Editor’s Note: This story was written when Isabel Lowry was a junior. She is now a senior.

Isabel Lowry paced the sideline while she watched the lacrosse team she coached put their hard work into motion. In practices, Lowry drilled the players on cradling, a way to maintain better control of the ball. Now, during the game, she watched the players moving their sticks back-and-forth, practicing the technique just as she showed them. Lowry could see the team’s improvement and was excited for the future.

Lowry, a junior biochemistry major from Pittsburgh, found her home coaching the lacrosse team at William Henry Harrison High School in West Lafayette, just a few miles from Purdue’s campus.

“I played lacrosse for seven years back home, and when I came to Purdue, I started on the club lacrosse team,” Lowry said.

Isabel Lowry on a lacrosse field Isabel Lowry, a junior biochemistry major from Pittsburgh, found a way to continue her love for lacrosse by coaching a local high school team. Along the way, Lowry also says she connected with the community. Photo by Sami DeLey.

But, after the pandemic hit during her freshman year, the team didn’t play or travel much. Lowry wasn’t sure if she wanted to continue playing, but still had a passion for the game.

“I saw something in our club lacrosse GroupMe for an assistant coaching position, and since I still wanted to be involved in lacrosse, I took the position,” Lowry said.

She started coaching, just thinking it would be something to fill a void and take up some of her time. She soon found out coaching the team would come to mean much more to her.

“At the beginning, it was really difficult, because I was only a year older than some of the girls,” she stated. “As I started getting closer with the girls on the team, I started wanting to help more and watch them succeed.”

As time went on, she found herself attending practices multiple times a week and became very invested in the team.

“My first couple practices, I was a little shy and didn’t want to overstep the head coach at the time,” Lowry said. “Shortly after, the head coach asked me to step up, and I started coming up with drills and eventually, I was running the practices myself.”

When the players realized the value of what she was telling them, like cradling the ball, the team began seeing her more like a coach. Lowry described a time when she really felt like she was making an impact.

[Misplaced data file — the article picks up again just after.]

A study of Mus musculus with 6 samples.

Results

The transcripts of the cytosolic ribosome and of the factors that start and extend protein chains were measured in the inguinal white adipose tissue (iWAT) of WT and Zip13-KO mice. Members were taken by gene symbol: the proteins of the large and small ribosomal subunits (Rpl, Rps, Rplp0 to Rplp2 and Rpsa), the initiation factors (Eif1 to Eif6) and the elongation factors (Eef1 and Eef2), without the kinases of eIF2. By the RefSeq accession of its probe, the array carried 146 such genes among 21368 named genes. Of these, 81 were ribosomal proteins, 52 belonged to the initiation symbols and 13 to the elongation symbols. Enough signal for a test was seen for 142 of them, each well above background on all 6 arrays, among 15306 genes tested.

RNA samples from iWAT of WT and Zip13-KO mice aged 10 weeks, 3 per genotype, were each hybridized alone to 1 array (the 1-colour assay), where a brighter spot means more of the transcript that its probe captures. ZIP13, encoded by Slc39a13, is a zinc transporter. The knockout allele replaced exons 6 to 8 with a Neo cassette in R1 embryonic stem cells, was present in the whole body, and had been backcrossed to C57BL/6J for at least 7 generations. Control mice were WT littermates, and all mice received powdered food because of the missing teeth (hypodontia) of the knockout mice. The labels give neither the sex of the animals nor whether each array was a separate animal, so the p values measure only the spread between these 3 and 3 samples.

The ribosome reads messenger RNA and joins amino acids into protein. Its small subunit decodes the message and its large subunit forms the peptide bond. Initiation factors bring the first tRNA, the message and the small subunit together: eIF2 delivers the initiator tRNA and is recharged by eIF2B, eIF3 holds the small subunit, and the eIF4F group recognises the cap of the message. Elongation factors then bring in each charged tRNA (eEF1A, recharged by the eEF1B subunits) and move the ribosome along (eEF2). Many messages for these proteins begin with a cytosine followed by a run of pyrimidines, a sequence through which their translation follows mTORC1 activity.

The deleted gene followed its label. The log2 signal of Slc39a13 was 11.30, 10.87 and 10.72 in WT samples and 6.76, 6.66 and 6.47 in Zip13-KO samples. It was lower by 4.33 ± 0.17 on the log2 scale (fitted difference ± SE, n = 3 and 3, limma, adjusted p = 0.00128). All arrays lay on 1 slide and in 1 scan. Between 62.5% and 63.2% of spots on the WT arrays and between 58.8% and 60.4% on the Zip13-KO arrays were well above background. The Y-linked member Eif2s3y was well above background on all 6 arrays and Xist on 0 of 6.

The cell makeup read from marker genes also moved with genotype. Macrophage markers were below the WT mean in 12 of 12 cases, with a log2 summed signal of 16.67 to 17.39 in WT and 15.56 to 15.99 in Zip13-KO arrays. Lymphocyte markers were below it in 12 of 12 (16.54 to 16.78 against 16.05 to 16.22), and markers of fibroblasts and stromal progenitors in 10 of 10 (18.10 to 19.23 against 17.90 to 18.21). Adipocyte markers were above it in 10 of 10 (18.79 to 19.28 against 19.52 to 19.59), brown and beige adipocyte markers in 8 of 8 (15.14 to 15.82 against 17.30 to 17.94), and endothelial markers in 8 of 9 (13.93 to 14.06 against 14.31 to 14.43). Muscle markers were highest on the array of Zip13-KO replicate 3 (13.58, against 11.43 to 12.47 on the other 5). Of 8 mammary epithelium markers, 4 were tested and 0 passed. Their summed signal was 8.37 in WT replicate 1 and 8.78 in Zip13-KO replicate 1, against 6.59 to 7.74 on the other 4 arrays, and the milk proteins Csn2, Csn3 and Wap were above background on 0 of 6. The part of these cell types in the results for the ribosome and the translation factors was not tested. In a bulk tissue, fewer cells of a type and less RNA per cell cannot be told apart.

It was a close, one-point game and the opposing team was making mean comments. For the first time, the players on her team came to Lowry to talk about their frustrations. In that moment, Lowry said she felt she was making more of an impact on the players than just teaching them practical lacrosse skills.

“During that game, I felt like the girls really trusted me and wanted my advice,” she said. “I felt relatable to the girls, and I think the girls felt like they could talk to me about things I had been through first-hand.”

Lowry’s hard work did not go unnoticed, and school leaders saw her dedication on and off the field.

“They asked me to step up as head coach this year, so I’m now in the head coaching role,” she said.

Lowry said she is excited for the opportunity to influence the lacrosse team at a new level. All the while, Lowry was always busy with her studies at Purdue. With her new head coach role, it’ll be even busier when lacrosse season starts. But Lowry said she is undeterred.

“I like being busy, because it helps me get tasks completed,” she said. “If I know I need to be at practice after school gets out, I’ll make sure I have everything done.”

Lowry’s own love for playing lacrosse has become a passion for teaching others the sport. As a result, she said she has found unexpected and meaningful connections.

“I felt a lot more involved in the community when I started coaching,” she said. “After COVID, it was difficult to find something that wasn’t just Zoom meetings and I’m glad I found a sense of belonging.”